I’ve been off the grid for awhile. Well, not really, but I have been out of the country and very busy vacationing with my hubby. Endless sightseeing, dining, and delighting in just being away doesn’t leave much time for blogging. But never fear; I’ve been storing up my thoughts the whole time.
As I wrote about several weeks ago, we made a trip to London. This was our first international trip together other than a few Caribbean vacations. And while there were no umbrella drinks on this trip, we made up for it in Ale and Prosecco. The only way to keep Billy moving through my packed schedule of castles and museums and cathedrals was to allow a pub stop on a regular basis. In particular, I found it best to allow him to skip the gift shop process. I realized that no matter how much he actually enjoyed touring Parliament or Buckingham Palace, the gift shop brought out a surly side, probably directly related to the swipe of his credit card. To be perfectly honest, 90% of what I bought were gifts for family or friends and he wasn’t totally disapproving, but the man just isn’t a shopper. He is an accountant, though, and can’t help but keep a running tally in his head. Therefore, off with his head….I mean off to the pub with him!
The pubs were great places to observe English habits and oddities. For the most part you order at the bar. No table service. And no running of a tab. Whatever you order you pay for right then and carry to your table, or barstool not at the bar, but at a ledge somewhere else. Not being a beer drinker myself, I fell into a Prosecco pattern. I just couldn’t do wine or a cocktail and continue on with the itinerary. Prosecco felt light and festive, and made me feel fairly festive, too. One of the most fascinating things to us was how festive London businessmen get at lunch. They crowded into the pubs in their suits, downed a few pints, and then went back to the office. Or maybe they really went for a nap somewhere. A siesta! (Wait, that’s in Mexico!)
We lunched almost daily at a pub as it was easiest (as in they were everywhere) and didn’t bust the budget. We experienced fish and chips, meat pies, and other assorted sandwiches, including a couple of different versions of what I think of as OUR food…the hamburger. We didn’t completely dislike anything, though some pub food is better than others. Every single pub has the lingering odor of fish due to the prevalence of the afore-mentioned fish and chips. It’s a smell that makes my nose twitch, not in a good way, and I wasn’t inclined to eat it twice.
In fact, I think all of London smells a tiny bit fishy. Maybe it’s the accumulation of centuries of fishing and fish cooking. The worst was fish at breakfast. I can’t say we had a single bad meal, but the aroma of a fishy breakfast was not the way I wanted to start my day. We had heard much ado about a full English breakfast that included sausages and stuff. Tried it one morning, but not particularly impressed. We were much happier with a yummy croissant and delicious caffe latte, sitting in a corner window of the coffee shop, watching the crazy London drivers outside.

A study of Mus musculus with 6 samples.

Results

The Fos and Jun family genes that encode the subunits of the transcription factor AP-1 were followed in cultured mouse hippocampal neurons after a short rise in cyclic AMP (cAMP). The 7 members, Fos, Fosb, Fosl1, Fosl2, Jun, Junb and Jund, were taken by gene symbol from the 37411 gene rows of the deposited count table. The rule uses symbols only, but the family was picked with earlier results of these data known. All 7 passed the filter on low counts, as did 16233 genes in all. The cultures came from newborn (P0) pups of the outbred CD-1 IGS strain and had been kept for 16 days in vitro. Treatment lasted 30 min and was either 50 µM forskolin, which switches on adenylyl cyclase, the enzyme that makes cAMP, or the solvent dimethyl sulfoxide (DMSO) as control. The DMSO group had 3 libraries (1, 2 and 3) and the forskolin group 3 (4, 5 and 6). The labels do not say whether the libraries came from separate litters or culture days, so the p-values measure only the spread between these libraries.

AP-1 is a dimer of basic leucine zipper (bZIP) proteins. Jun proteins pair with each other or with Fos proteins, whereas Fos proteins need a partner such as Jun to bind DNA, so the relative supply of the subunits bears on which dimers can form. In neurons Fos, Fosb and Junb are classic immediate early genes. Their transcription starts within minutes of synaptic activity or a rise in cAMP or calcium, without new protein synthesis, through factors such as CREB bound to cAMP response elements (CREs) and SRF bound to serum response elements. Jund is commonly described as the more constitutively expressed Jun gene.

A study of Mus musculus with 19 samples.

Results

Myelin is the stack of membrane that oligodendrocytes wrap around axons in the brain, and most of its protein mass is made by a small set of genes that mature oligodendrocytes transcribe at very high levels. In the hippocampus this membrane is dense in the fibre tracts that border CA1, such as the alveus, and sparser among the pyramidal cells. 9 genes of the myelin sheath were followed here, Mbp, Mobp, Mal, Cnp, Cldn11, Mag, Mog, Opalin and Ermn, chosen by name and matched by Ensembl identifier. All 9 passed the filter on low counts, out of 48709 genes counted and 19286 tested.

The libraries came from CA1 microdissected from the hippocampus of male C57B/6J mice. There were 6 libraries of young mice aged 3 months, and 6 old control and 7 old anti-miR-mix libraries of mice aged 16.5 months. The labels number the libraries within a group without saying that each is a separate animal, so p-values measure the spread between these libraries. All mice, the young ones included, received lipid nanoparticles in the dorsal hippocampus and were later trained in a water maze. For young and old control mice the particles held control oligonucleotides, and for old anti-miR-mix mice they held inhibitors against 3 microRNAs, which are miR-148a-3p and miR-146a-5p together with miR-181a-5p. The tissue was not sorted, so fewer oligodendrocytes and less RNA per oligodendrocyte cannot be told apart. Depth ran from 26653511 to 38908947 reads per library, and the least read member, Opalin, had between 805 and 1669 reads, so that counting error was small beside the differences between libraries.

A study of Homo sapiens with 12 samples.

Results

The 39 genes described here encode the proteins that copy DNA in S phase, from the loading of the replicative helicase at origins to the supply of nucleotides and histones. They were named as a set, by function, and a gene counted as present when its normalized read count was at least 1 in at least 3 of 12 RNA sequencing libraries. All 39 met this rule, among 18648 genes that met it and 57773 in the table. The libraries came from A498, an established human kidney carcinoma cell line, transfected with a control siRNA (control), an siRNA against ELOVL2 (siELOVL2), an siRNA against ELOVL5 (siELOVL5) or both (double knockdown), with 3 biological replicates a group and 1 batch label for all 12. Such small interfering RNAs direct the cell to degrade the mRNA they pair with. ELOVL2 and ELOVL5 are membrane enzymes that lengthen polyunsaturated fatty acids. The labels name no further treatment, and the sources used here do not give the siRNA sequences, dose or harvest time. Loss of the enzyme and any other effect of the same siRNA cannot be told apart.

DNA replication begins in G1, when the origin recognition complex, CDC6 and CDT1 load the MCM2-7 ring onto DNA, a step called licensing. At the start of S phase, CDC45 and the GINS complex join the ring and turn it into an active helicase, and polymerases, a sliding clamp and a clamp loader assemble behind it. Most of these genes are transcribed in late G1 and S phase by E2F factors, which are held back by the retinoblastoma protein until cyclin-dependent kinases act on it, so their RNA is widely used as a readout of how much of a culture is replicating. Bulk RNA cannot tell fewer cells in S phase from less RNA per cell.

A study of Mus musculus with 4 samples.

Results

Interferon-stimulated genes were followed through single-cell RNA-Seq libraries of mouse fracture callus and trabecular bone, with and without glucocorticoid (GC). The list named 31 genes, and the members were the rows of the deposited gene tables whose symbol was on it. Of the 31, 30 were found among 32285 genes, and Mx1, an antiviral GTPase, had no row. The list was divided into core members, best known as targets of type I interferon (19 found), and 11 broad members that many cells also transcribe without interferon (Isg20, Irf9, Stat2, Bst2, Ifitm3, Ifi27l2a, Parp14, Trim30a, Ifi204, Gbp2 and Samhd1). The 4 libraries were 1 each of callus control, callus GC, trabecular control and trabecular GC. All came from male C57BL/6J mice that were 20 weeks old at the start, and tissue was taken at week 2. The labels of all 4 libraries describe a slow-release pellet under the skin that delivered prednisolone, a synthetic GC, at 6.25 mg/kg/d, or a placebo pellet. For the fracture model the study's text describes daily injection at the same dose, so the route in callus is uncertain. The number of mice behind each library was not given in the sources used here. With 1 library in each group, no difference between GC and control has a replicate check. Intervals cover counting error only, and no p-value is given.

And speaking of driving, well, it’s just plain scary. I’m sure they feel the same when that visit the U.S. but they are driving on the WRONG side of the road. It is so interesting how ingrained our habits for driving on the right are, and how our reflexes responded to turning into a lane that doesn’t feel correct. And that’s in a taxi! We would never have attempted it ourselves. So many round-a-bouts and one way roads and bike lanes and motorcycles “filtering” in and out between the cars (which is legal), left us gasping and grabbing for a handhold as we careened through London. However, we did love using the taxis. They are funny-shaped yet roomy, and somehow make you feel a bit posh. Unlike the tube, which is anything but.
As part of my careful planning for this trip I had purchased us each a visitor Oyster Card, which is what they call their subway pass. (Somehow relates to that fishy thing, maybe?) Anyway, it took us a couple of days to get up the nerve to actually go down there. Now, I realize that some major cities in our country have subways or trains or other methods of rapid transit, but as Charlotteans and suburbanites we are unaccustomed. But, finally, we ventured into the belly of the beast and it really wasn’t that hard to figure out. Maps and signage were everywhere plus I had carefully studied my own map, and we managed to make it from point A to point B with very little fuss. The biggest challenge was all the levels of stairs and escalators, particularly the day a major escalator was down. It was quite the hike UP about three stories on a dead escalator. And busy Londoners are not in the mood to wait on a couple of huffing and puffing Americans. They want to get on with it, so for the love of the queen don’t stand to the left! I mean…it’s a rule!
And “mind the gap”, the space between the tube car and the platform. An automated British voice repeats this endlessly as you are boarding and un-boarding. In other words DON’T FALL IN! Which always made me a tiny bit nervous as I stepped over with the throngs of people. Like, what if you missed? How quick would someone notice? Or would my fallen body cause a logjam of people stuck in the closing doors as the train makes its takeoff for the next station. Shudder!!! These are the thoughts of a nervous, inexperienced traveler. So many gaps to mind, in the tube and everywhere else. The perfect metaphor for our trip; two bumbling Americans trying to make the leap from one culture to another. Maybe another Prosecco will help!